The fifth joyful mystery of the rosary – the finding of the child Jesus in the Temple – has always been a mystery for me. I know that Jesus had to be about his Father's business but how could he let his parents worry about where he was? Why didn't he let them know what he had to do?
It is common for teens to be so immersed in what they are doing that they forget to come for supper or home in the evening causing parents to worry. We must remember that Jesus was fully human. Perhaps, Jesus was so absorbed that he forgot the time.
But there may be an additional explanation to this.
Luke makes sure we know how special Jesus is from the beginning of his Gospel (chapters 1 and 2). An angel announces Jesus' coming; Mary sings her Magnificat at Elizabeth's recognition of Jesus; angels proclaim Jesus' birth to shepherds; Jesus receives the name given by the angel; presented in the Temple, Jesus is recognized as the Saviour by Simeon and the prophetess Anna who immediately goes to preach about Jesus.
But Jesus' parents didn't quite understand and were "amazed at what was being said about him" (2.33).
Luke ends with extolling Jesus who "grew and became strong, filled with wisdom; and the favour of God was with him" (2.40). Then nothing more is said of Jesus' childhood until this one incident (2.41-51).
Luke states that Mary and Joseph went yearly to Jerusalem for Passover, but doesn't mention Jesus accompanying them.
But this, his 12th year was special as it had to do with Jesus' coming of age. It was the beginning of a year's preparation with immersion in the beliefs and practices of his people for at the age of 13, every Jewish boy becomes a bar mitzvah, that is, "son of the Covenant." He then assumed the obligation to observe the commandments. He also was regarded as an adult when the congregation needed a minimum number to perform some religious services.
He acquired the right to take part in leading religious services, to recite the blessing over the weekly reading. Sometimes, he read the entire reading of the Schema Israel which begins with "Hear, O Israel, the Lord your God is one" (Deuteronomy 6.4-9).
Sometimes, required to make a speech, he begins, "Today, I am a man." The father thanks God for removing from him the responsibility for his son's actions, as he is now old enough to be accountable.
Does that mean that a bar mitzvah 13-year-old is a full adult? No, it simply means that at this age, a child is mature enough to distinguish right from wrong and act accordingly. This was a time of serious religious commitment to God and observance of the Torah.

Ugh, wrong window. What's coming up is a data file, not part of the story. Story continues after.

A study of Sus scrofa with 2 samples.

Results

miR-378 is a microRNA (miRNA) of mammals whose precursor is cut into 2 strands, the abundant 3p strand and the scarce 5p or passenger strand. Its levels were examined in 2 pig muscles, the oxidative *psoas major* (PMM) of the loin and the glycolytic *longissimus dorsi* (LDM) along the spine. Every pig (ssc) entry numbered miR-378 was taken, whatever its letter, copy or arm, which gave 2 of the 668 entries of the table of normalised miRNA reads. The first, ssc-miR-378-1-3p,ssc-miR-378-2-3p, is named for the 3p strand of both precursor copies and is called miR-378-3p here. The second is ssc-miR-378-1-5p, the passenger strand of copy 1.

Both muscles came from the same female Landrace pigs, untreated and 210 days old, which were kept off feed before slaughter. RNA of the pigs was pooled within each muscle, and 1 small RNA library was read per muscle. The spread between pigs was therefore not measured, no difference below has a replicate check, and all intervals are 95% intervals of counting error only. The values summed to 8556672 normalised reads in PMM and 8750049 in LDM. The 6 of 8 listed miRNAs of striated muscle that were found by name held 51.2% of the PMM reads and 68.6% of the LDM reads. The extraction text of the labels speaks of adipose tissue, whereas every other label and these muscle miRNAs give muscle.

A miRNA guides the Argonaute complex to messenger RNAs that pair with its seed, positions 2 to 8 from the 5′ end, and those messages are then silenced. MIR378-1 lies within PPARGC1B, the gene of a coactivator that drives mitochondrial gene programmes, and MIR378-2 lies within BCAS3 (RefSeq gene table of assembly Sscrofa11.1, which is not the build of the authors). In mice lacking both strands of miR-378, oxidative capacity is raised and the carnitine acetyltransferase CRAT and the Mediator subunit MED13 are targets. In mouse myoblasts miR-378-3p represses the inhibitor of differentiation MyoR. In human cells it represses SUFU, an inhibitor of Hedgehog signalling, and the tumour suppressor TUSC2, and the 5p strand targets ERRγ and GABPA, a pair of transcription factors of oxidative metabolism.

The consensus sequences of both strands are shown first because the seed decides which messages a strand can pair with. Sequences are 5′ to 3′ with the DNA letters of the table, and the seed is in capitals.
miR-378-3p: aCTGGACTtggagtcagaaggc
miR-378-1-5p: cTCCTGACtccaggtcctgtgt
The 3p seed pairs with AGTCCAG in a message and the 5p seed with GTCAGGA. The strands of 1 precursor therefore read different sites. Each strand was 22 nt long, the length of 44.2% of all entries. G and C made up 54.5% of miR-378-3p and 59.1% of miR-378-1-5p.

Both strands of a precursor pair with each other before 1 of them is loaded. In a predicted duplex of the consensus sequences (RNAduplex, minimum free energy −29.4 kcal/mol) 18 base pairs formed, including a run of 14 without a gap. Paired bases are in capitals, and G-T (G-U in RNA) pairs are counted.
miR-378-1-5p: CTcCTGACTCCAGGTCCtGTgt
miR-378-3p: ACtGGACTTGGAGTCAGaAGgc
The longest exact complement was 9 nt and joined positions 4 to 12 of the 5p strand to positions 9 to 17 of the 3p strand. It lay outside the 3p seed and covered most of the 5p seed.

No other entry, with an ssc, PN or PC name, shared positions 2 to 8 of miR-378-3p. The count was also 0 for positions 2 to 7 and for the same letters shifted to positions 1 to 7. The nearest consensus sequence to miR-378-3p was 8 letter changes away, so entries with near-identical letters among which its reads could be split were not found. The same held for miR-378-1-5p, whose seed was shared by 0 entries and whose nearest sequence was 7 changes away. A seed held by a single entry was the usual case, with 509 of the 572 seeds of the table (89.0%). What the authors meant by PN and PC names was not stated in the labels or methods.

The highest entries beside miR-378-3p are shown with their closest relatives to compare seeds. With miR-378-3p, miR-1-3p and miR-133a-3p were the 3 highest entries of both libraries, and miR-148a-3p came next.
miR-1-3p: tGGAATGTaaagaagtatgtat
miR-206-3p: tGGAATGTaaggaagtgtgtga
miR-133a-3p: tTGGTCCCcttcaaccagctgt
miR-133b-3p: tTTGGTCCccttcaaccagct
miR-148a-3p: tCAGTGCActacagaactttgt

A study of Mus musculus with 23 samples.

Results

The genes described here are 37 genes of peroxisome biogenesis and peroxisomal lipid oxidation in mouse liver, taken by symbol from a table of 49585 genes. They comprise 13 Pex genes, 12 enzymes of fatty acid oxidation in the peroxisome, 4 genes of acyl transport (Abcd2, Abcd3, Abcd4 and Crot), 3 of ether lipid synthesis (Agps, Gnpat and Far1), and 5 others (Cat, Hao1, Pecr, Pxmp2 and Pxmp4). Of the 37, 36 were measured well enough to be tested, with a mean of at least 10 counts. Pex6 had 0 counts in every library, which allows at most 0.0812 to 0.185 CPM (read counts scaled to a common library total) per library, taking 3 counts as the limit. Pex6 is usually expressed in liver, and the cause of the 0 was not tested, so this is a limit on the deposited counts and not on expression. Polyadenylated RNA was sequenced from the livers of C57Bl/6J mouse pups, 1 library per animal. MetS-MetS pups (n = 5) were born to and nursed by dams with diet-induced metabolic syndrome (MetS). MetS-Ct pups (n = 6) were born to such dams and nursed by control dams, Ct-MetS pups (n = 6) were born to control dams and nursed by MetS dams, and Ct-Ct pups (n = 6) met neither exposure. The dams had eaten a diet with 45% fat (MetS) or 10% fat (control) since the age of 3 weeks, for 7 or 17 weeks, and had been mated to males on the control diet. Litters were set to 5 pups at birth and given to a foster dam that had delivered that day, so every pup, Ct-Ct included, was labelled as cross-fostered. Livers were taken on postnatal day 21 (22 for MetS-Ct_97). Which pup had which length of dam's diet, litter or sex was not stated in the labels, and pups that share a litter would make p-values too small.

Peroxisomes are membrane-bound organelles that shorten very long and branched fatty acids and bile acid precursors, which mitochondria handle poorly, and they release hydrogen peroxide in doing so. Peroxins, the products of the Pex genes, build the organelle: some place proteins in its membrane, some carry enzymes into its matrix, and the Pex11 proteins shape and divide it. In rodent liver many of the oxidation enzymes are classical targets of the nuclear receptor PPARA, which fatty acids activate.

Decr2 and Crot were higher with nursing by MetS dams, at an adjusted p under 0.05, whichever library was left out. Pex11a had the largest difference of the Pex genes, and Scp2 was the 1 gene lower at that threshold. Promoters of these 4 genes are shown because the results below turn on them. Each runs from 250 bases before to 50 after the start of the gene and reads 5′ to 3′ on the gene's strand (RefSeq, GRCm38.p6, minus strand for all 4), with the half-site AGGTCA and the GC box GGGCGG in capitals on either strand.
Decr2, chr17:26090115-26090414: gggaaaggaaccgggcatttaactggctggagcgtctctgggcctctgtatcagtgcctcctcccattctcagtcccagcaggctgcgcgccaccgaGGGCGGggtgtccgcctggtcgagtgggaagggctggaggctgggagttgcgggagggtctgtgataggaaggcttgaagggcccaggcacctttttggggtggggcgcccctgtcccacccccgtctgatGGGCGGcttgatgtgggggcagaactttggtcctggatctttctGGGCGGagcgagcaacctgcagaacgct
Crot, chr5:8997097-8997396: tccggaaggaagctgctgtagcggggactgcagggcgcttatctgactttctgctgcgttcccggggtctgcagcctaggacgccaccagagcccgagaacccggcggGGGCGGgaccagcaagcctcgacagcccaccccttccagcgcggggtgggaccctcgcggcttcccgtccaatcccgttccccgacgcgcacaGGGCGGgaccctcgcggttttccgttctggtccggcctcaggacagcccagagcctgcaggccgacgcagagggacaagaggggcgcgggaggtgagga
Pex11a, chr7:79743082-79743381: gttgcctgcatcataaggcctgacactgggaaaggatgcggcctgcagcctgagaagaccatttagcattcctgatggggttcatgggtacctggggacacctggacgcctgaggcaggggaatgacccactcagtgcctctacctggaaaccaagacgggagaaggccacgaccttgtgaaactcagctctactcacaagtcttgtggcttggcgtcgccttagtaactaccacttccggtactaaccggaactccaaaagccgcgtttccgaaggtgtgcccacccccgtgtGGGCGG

Imagine how exhilarating it must have been for Jesus to come into God's house, this temple where God had chosen to dwell, where God was worshipped, where prayers and sacrifices were offered.
After listening during the service, Jesus wants to hear more so he stays with the teachers of the Law, asking them questions. Initially, they must have thought "This kid is from the sticks" because his Galilean accent would show, but soon "they were amazed at his understanding and his answers" (2.47).
When he is found, after an intensive search, he responds to Mary's question: "Did you not know that I must be in my Father's house and about my Father's business." He takes for granted that his mother knows who he really is and seems surprised by her question.
Again, we read "they did not understand what he said to them" (2.50). This is a recurring reaction in Jesus' lifetime.
But Jesus knows who he is and starts revealing this in the centre of Judaism's religious capital. His "I must be" statement is one of the many times in Luke that Jesus declares that it is "necessary" for him to do the work he was sent to do. Obviously, he is taking responsibility for his life and mission.
Calling God his Father, Jesus reveals his relationship with the Father. This closeness of Jesus with the Father is something that his disciples later struggled to grasp.
How do we see Jesus? Do we truly understand what he was about? "Mary pondered these words in her heart" (Luke 2.51). Perhaps, with Mary, we need to "ponder" Jesus' words and actions in Scripture to understand his mission and be grateful for the magnitude of what he has done for us.